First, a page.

For the purposes of this post, when I refer to“burn-out” I don’t mean the noun– that dude who graduated two years ago but still hangs out at your High School. The burn-out I’m referring to, the verb, results from working to the point at which instead of containing eyeballs, your eye-sockets reveal a burned-out, but incessantly buzzing “VACANCY” sign.
What does burn-out look like? Here are some warning signals:
Irritation: WHY IS EVERYONE CALLING ME MOM AND ASKING ME TO FEED AND CLOTHE THEM (and/or) WHY IS MY BOSS/CLIENT HANDING ME WORK ALL THE TIME LIKE I’M SUPPOSED TO DO IT AND GET PAID.
Paranoia: ARE YOU MAD AT ME? ARE you MAD AT ME? Are you MAD at me? STOP LOOKING AT ME LIKE THAT…FRUIT BOWL.
Bitterness: WE LIVE IN AN UGLY WORLD AND NONE OF THIS WORK MATTERS AND EVERYONE ANNOYS ME ESPECIALLY PEOPLE WHO MAKE BEAUTIFUL MUSIC AND ONLY WANT TO HELP.
Exhaustion: BLINK BLINK eyebagsBLINKwhineywinerBLINKchompchompchomping sooo tiyurrd keeep eating.
Scowl Face: NEWS AT 11! RIGHT THERE, ON YOUR FOREHEAD!! BETWEEN THOSE BEADY AND SUSPICIOUS EYES.
Get oxygen. Eat your lunch outside. Walk your dog or your baby or your legs. Get a tasty beverage.
Go do a few minutes of housework, or run an errand that takes you away from your desk. This gets you up and away and you can still feel productive but let your brain rest. Make sure to look both ways before you cross the street, because you probably aren’t really home upstairs.
Change your environment. Bring your laptop to the kitchen and stand for a while, or into a conference room, coffee shop, or lobby space/your bed.
Recalibrate with a Phone Date. I cut way back on my social life during my busiest work seasons—taking very few lunches or coffee dates/happy hours. Instead, I schedule 15 minute phone dates. It’s all too easy to hermit and see no one but my family, but I begin to feel untethered if I go too long without connecting with my beloved people.
Find extra quiet work hours at your desk. I’m neither a morning person, nor a night owl. I’m squarely a 10AM rock star. I hate waking up early, but do so during peak work times. I wake up an hour or so before my family on week days, adding 3-7 hours (valued at double that amount of time, because they tend to be turbo-productive hours with extra flavor crystals!) to my work week depending on my wake-up success. Sometimes I work at night, but I try to make a rule that if I work late at night, I do not work early the next morning, because for me looking at screens sun down to sun up is depleting and depressing. Also, sometimes working at night wires me and interferes with my sleep. I find it harder to shut my brain down, and I’m more prone to get lost in social media scrolling when I’m tired, than in the morning when I’m all fresh and motivated.
Get a massage or acupuncture or some professional hands-on. I do yoga and jog, which resembles self-massage to your muscles but you can’t replicate the benefit of a skilled person using their muscle and/or expertise specifically to reduce your tension. When my stress level climbs over-the-top, so does my muscle tension, and stress plus muscle tension leads to all sorts of illness and injuries when unchecked. Earlier in my 30s I could barely walk and sit due to severe and chronic siatica. Learning to manage my emotional and physical stress has kept me healthy ever since. I can even do a back-bend (bridge pose), now. Yes, really.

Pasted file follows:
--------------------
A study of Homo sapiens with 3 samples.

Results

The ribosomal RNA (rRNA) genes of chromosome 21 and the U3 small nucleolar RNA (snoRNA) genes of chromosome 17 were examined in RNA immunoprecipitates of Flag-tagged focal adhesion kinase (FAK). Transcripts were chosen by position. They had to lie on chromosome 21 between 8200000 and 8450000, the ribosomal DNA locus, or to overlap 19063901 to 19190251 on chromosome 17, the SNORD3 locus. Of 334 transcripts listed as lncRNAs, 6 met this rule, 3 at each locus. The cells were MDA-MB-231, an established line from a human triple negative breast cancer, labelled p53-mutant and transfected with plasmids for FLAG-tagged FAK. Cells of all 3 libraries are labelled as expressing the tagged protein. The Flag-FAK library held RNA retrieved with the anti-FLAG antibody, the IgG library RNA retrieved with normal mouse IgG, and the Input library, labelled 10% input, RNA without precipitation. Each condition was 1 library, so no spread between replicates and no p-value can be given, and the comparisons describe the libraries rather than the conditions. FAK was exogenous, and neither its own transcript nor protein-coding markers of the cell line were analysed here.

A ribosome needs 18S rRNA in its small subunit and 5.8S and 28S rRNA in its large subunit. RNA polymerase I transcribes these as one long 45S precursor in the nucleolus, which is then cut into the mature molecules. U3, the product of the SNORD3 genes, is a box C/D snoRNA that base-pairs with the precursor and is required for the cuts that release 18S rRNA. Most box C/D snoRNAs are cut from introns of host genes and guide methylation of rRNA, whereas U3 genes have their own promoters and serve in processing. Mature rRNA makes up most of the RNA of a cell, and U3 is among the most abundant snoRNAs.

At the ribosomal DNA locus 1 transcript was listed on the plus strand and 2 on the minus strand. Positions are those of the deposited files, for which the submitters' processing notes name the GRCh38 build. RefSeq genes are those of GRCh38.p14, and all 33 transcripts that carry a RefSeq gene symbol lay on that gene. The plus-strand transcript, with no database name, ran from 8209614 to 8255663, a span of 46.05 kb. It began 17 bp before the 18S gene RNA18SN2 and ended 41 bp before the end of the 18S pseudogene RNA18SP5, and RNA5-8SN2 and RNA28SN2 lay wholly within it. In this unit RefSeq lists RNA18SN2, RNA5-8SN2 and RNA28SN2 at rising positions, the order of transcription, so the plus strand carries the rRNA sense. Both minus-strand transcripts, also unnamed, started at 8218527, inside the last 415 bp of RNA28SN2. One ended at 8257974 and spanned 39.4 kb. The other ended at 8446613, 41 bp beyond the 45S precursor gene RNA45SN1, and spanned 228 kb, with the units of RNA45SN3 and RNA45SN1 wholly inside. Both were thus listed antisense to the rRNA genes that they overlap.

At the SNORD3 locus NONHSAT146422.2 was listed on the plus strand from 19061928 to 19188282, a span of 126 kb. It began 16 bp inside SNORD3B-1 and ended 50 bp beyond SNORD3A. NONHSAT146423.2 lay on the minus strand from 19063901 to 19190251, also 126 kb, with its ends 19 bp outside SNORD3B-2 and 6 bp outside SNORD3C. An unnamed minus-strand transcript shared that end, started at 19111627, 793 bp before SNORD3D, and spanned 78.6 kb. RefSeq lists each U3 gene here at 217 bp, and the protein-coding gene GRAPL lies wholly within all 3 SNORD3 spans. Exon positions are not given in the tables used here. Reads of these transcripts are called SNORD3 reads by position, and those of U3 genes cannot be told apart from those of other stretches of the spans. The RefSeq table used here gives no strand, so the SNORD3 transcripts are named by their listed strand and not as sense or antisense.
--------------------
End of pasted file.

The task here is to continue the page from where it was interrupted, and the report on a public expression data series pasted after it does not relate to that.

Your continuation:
Read to your kids or have them read to you– aka covert cuddling time. My older kids don’t cuddle much anymore. When I read to them, we get all cozy together, and I get to lie in one place without counting out monopoly money.
Keep your volunteer commitments, or make a volunteer commitment—especially with kids or the elderly. I know it sounds counter-intuitive because you feel so pressed for time and over extended already. The temptation to cancel my time volunteering in my sons’ classrooms pulls at me during freak-out stress times, but I go anyway and my heart-rate slows down. I smile a bunch and I feel human again. Guess what? I’m way more productive when I feel human.
Turn the computer off. Connect with your partner for fifteen (okay five) minutes. Cut your kids fingernails for the first time in 19 weeks. Go to sleep early. Sorry I had to mention the sleep thing when you already know about sleep. Sleep is everything for my brain and my mood.
#10,000 Remember why you do what you do. What got you inspired in the first place? Read a book by someone in your field you admire, go see a lecture, take a few minutes to watch a youtube video featuring your mentor or career idol. Getting mired in work minutia can kill the joy of even the coolest career or project.
Bonus: Hug someone and mean it. With both arms. You can even rest on them a little, so long as you don’t lose your balance. I call it “charging.” Charge on.